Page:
Jason Zellmer recalls lessons from early days of ministry

By Richard Nations

MOSCOW MILLS – Some pastors ask themselves, “If I had to look back on some things I would not do and would do in early seasons of ministry. what would those things be?” It seems like a lot of people experience regrets about their past as they become more mature. Those questions were raised in a series of blog posts by a NAMB church planting leader, Jason Zellmer, this past spring.

Zellmer is the director of Send Network-Missouri.  As the North American Mission Board’s point person for church planting in Missouri, he is constantly in touch with young church planters as well as seasoned pastors of established churches.

Jason Zellmer is director of Send Network Missouri.

In his blogs he recalled some things he definitely would not want to do over if he had the ability to turn back time.  He then followed up with some things he would definitely do again as a young pastor. The lists were interesting.

He said he would not:

1) Plant the church of my dreams – Zellmer said he grew up in a traditional church, and when he planted his first church they determined to do it right.  They wrote down their distinctive principles and built the church from the ground up with excellence.  Five years in they had 300 or more attenders, a $10,000 a week budget and a new facility on 40 acres of land.  But Zellmer said he began to reflect on things and knew something just wasn’t right. 

He said: “About six years in, I went away for a personal retreat. During that time, the Lord pointed out to me that only 4% of our growth was by conversion. That meant 96% of the people attending our church were transferring from other churches. We weren’t building the kingdom; we were just shuffling the deck.”

2) Be unclear about leadership models – In his second church plant, Zellmer was very transparent as he recalled structuring the plant with two other pastors, close friends of his.  But he confessed he was not clear about the roles of each of these pastors.  There was not a sense of “first among equals” delineated, and the pastoral staff had conflict.

Zellmer said, “After several years of planting together, the wheels finally came off…Eventually I left the church, lost my friends and spent years trying to recover.”

3) Start with a large core group of Christians – He said they started with a core planting group of 100 people in a church start.  The public launch had over 300.  But he regrets that many of these were established Christians.  He said he would rather plant with evangelistic conversions. He said, “Instead of launching big, in the future I would spend at least a year having evangelistic conversations. My goal would be to launch the church from conversion growth.”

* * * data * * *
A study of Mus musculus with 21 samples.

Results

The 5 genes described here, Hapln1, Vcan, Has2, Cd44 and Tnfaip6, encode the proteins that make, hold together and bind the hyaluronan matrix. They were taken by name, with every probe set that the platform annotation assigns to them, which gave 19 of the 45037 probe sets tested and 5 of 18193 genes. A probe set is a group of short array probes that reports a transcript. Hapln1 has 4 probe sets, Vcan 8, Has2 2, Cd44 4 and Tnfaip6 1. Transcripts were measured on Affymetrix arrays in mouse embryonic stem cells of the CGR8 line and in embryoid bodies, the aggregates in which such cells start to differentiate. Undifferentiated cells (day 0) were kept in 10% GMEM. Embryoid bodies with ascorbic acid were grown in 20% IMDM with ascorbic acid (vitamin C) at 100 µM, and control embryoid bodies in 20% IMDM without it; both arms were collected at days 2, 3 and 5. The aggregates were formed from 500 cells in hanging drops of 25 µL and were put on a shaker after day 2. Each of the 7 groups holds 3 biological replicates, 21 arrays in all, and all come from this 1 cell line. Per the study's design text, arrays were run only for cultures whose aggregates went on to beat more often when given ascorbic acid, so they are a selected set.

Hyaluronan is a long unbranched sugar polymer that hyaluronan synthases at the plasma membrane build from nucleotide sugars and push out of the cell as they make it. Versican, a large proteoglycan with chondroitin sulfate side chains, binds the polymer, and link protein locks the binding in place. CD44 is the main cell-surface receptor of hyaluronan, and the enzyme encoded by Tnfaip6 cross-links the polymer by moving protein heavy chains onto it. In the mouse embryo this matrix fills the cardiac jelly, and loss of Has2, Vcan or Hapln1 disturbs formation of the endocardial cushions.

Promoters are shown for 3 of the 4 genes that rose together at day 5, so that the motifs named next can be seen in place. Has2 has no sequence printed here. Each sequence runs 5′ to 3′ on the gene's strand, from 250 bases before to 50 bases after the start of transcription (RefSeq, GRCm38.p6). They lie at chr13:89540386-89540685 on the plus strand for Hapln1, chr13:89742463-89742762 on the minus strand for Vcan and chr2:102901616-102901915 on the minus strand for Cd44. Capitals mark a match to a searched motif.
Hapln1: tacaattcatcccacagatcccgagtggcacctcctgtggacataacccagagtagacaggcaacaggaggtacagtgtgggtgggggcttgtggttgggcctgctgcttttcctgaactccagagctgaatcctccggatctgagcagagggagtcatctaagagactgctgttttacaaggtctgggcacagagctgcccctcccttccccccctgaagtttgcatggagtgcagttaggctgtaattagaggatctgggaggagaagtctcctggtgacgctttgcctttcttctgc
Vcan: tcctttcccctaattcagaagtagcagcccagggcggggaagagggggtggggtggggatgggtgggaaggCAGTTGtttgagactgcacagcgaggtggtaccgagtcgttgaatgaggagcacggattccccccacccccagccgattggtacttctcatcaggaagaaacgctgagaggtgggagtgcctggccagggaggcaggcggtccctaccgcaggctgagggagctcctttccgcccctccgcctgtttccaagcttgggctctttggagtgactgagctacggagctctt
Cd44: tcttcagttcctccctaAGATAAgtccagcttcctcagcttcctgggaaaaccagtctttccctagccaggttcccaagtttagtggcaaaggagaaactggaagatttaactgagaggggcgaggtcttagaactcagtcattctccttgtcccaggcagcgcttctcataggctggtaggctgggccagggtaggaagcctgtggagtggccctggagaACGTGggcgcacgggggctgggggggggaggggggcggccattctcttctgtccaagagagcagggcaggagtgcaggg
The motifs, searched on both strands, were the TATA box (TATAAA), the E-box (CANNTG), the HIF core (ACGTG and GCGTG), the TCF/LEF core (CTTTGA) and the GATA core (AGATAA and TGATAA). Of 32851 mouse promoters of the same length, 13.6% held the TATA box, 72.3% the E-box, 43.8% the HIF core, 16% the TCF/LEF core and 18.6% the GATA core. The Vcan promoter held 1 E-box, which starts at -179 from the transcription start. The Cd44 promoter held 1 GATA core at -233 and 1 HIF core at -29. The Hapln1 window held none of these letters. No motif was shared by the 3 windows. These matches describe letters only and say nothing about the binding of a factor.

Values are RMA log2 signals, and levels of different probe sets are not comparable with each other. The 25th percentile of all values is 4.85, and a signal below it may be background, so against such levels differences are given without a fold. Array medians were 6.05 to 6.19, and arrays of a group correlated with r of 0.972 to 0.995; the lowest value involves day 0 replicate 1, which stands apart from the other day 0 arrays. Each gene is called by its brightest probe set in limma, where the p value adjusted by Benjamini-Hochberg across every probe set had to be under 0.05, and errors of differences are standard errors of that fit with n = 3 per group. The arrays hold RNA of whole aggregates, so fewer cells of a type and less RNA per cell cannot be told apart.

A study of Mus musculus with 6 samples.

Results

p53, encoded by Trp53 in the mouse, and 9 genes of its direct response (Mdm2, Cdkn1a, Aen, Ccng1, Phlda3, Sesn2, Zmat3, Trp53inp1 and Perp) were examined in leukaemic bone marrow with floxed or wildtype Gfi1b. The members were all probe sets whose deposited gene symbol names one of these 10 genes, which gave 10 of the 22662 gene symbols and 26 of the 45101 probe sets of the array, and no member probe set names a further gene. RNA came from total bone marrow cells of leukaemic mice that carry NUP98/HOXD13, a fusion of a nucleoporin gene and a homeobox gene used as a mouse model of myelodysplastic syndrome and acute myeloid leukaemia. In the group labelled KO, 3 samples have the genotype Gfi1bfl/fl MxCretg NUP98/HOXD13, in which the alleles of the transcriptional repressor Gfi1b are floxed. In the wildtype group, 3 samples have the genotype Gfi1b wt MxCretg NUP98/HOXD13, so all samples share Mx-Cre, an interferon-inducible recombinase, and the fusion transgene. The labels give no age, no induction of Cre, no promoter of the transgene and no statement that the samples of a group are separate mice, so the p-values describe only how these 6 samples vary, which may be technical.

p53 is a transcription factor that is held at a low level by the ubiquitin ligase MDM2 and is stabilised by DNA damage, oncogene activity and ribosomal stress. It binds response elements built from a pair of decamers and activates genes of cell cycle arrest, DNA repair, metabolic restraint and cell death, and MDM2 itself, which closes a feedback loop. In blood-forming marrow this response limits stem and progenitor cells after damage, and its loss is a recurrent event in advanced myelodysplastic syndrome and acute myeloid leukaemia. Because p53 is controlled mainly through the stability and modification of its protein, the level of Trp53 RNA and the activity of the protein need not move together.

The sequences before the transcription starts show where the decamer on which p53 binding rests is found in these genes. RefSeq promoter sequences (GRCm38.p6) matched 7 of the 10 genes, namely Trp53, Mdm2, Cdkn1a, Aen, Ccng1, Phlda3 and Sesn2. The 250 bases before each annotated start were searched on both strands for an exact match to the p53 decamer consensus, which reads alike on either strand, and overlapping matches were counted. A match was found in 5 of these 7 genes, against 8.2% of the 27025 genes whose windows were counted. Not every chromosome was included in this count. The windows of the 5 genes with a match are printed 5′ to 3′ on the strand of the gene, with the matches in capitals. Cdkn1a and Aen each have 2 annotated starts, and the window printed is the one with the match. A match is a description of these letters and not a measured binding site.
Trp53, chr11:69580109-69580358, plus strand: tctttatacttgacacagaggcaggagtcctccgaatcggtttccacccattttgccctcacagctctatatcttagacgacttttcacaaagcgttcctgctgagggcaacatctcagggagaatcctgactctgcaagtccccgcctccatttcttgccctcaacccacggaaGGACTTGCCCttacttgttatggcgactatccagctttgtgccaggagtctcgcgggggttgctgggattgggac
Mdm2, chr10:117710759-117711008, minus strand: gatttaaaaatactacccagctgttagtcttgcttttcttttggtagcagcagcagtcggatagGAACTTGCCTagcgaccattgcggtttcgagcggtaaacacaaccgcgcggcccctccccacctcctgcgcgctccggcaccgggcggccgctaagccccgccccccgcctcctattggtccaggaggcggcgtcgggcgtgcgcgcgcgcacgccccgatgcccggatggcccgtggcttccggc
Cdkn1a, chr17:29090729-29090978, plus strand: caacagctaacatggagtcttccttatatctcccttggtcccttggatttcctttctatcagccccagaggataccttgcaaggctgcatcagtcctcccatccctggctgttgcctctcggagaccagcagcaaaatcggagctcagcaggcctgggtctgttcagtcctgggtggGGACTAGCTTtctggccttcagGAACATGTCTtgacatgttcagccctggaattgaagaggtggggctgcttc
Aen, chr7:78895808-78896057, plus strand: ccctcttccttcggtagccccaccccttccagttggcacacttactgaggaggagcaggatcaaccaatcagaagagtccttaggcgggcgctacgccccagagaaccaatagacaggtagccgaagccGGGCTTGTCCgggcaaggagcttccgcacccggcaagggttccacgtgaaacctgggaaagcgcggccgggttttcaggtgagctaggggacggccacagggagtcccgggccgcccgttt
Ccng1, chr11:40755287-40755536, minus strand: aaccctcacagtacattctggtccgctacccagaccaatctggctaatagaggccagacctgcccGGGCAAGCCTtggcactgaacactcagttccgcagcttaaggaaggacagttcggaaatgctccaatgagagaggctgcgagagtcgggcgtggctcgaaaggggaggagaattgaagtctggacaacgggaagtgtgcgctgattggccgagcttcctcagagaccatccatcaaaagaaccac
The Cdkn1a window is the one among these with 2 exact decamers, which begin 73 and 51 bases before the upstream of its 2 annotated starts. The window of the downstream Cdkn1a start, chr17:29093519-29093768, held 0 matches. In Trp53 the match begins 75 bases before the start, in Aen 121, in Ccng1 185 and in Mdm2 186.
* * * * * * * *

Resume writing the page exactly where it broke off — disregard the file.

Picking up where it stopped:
4) Make promises about my tenure –Zellmer said don’t overpromise how long you will stay as pastor. He thought he would plant a church and die right there.  But as he says, “I believed that leaving the church would mean letting people down. Good shepherds never leave their flock, right? So, in one of our early plants, I overpromised and overstayed. Can you tell most of my failures were rooted in identity issues? You’ve got to figure out that gospel stuff.”

Then, in a follow up blog, he said he still would:

1) Preach the Bible verse by verse – Expository preaching is the style of preaching he would recommend, Zellmer said. he planted the churches with that kind of preaching. ”The church grew. And a love for God’s Word consumed our people.”

He added, “I’m not opposed to topical preaching or tackling hot-button issues, but it should only be a brief intermission as we drink from the bottomless well of God’s Word verse by verse.”

2) Establish a plurality of leadership – Zellmer recommends having a structure built upon a plurality of elders who guide the church.  He said, “Collectively, the elders carry the burden of ministry, which includes preaching, leading, planning, praying and counseling the flock of God. Sharing in this work is a gift because it provides safety and accountability.”

3) Build a robust residency process – He says a church plant should have a process in place to collect potential leaders and future pastors who exercise ministry gifts in what they refer to as a “residency.”  Future pastors are trained and developed in this system. 

He quoted Clint Clifton, who said, “A residency is very simple … It is one man giving away what God has given him in its most basic form.” He added, “A residency is like a finishing school that accelerates multiplication.”

4) Develop healthy rhythms of rest – Zellmer stressed there needs to be a Sabbath rest.  Take time off to relax and re-charge.  Turn your phone off and get away for a day or so.  He advised, “You must fight for rest. Nobody else on your team will fight for your days off. That’s a battle you must wage. And wage it you must, because without rest you will be another casualty of war.”

Zellmer said he wrote the two articles for the blog on a website called NewChurches.com which is sponsored by the NAMB Send Network.  He has received some good feedback from people who have reached out to him. 

One planter said, “I overpromised how long I would stay with this church plant.  I need to talk to  you to see how to get out of the pickle I’m in.”  Another said, “I’ve made some mistakes and I need to talk.” Zellmer believes the feedback and the discussions these two articles have prompted are worthwhile. 

Zellmer and his wife have been involved in church planting for about twenty years.  They have started three churches in that time.

Editor’s Note: This story first appeared here in The Pathway, a news publication of the Missouri Baptist Convention.

Published July 11, 2023


Richard Nations writes for The Pathway, a publication of the Missouri Baptist Convention.